Teachers’ Day: NUT urges governors to pay salary arrears
The Nigeria Union of Teachers (NUT) on Tuesday called on governors still owing teachers salary to use their remaining months in office to pay off the arrears.
The secretary-general of the union, Mike Ike-Ene, raised the concern in an interview ahead of World Teachers’ Day on October 5.
Mr Ike-Ene said many state governors owe primary school teachers and secondary schools months of salary arrears.
“Many of these teachers have lamented over the inability and irregularities of the state to pay their salaries as and when due following the current economic situation in the country.
“Some state governments owe primary school teachers a backlog of salaries ranging from four to 18 months,” he said.
He, however, commended the state governors committed to paying teachers’ salaries as and when due.
The secretary-general encouraged teachers to keep working hard, not minding their salary scale.
He urged the government to provide an enabling environment for teachers to function optimally.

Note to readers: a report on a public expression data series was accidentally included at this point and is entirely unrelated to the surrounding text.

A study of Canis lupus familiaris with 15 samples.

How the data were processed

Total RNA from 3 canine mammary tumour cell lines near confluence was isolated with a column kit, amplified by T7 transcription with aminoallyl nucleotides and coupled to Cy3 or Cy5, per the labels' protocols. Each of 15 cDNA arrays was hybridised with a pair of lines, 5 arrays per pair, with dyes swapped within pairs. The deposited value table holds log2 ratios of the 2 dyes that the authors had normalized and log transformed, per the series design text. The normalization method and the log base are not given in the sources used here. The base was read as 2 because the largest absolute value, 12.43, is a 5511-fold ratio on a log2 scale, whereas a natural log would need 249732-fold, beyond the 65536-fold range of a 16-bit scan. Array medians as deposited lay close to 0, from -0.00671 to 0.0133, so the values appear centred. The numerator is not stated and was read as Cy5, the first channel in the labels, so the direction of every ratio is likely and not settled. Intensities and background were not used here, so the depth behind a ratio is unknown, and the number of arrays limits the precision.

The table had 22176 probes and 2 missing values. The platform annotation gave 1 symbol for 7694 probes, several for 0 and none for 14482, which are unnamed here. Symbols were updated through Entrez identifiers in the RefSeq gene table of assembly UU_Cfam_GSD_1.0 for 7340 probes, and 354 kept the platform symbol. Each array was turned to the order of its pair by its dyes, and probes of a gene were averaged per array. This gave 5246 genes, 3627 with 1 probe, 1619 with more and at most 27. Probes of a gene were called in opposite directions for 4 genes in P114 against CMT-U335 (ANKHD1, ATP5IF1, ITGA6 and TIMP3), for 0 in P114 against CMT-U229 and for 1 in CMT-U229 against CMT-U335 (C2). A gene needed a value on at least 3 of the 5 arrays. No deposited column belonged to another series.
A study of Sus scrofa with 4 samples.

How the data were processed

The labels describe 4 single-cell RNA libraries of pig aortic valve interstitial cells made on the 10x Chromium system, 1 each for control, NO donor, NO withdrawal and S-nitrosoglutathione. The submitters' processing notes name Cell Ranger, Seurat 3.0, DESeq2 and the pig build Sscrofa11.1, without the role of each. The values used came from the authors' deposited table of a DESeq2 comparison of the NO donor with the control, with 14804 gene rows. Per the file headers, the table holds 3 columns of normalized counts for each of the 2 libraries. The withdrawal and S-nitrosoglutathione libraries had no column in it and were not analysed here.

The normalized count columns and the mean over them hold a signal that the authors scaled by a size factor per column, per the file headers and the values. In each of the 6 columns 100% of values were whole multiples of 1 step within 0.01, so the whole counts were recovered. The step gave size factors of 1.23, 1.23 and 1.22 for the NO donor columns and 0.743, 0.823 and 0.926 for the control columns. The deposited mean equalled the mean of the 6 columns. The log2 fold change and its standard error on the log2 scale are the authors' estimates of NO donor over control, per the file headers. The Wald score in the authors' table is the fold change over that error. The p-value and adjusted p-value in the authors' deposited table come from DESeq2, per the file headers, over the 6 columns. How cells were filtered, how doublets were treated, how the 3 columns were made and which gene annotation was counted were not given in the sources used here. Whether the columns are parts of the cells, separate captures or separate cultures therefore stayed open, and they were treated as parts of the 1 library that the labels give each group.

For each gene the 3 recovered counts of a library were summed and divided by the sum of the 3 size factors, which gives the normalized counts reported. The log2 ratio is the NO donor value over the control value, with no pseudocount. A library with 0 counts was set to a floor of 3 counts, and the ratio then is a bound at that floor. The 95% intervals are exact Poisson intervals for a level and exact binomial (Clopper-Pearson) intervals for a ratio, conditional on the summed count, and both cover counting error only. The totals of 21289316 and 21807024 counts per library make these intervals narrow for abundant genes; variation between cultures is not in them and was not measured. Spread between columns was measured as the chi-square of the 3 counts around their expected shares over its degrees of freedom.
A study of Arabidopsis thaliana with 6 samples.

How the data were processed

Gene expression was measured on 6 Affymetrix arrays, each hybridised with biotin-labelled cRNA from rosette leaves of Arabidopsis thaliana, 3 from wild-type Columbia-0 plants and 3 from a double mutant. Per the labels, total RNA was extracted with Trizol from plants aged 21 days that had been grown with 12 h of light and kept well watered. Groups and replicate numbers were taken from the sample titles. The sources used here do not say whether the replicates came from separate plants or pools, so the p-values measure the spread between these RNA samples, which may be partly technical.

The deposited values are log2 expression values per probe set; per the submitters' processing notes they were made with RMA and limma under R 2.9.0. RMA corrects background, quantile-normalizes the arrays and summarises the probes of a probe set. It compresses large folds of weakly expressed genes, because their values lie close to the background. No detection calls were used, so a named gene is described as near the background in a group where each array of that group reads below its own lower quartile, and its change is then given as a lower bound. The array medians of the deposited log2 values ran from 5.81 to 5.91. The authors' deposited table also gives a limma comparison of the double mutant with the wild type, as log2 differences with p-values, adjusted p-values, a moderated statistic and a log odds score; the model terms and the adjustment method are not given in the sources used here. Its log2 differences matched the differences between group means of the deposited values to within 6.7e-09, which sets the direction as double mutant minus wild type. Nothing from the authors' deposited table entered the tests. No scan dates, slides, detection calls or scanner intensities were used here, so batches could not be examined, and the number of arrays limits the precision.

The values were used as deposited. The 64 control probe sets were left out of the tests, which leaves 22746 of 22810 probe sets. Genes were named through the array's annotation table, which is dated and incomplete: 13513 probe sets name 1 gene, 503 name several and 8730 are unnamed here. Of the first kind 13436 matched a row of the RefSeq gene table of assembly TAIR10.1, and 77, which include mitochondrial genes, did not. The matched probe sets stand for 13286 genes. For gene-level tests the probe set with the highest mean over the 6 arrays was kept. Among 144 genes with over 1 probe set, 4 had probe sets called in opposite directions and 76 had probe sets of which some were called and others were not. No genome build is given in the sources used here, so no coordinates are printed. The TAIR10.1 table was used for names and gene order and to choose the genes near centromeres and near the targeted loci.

On the new salary scale for teachers, the secretary-general said the union and the federal government are still working towards its implementation.
Mr Ike-Ene said the new teachers’ retirement age from 60 to 65 years and 35 to 40 years of service had attained 90 per cent implementation.
“One of the biggest promises had been signed; the issue of 65 and 40 years, the increase of teachers’ service years or retirement age has been signed.
“The federal government has implemented it like some states, but the obstacle there is gazetting. Ever since the president signed it, it has become an act,” he said.
He, however, said gazetting the policy would give it a number and then it would be enshrined into law that one can make reference to.
Mr Ike-Ene, therefore, urged the government to expedite action on the gazette as that might be the only way the union could engage the state governments to do the needful.
He also called for an upward review of the education budget, saying it was the only way the country would measure up with developed countries.
“Also, society needs to do more for the teachers, create initiatives to motivate teachers for effective service delivery,” he added.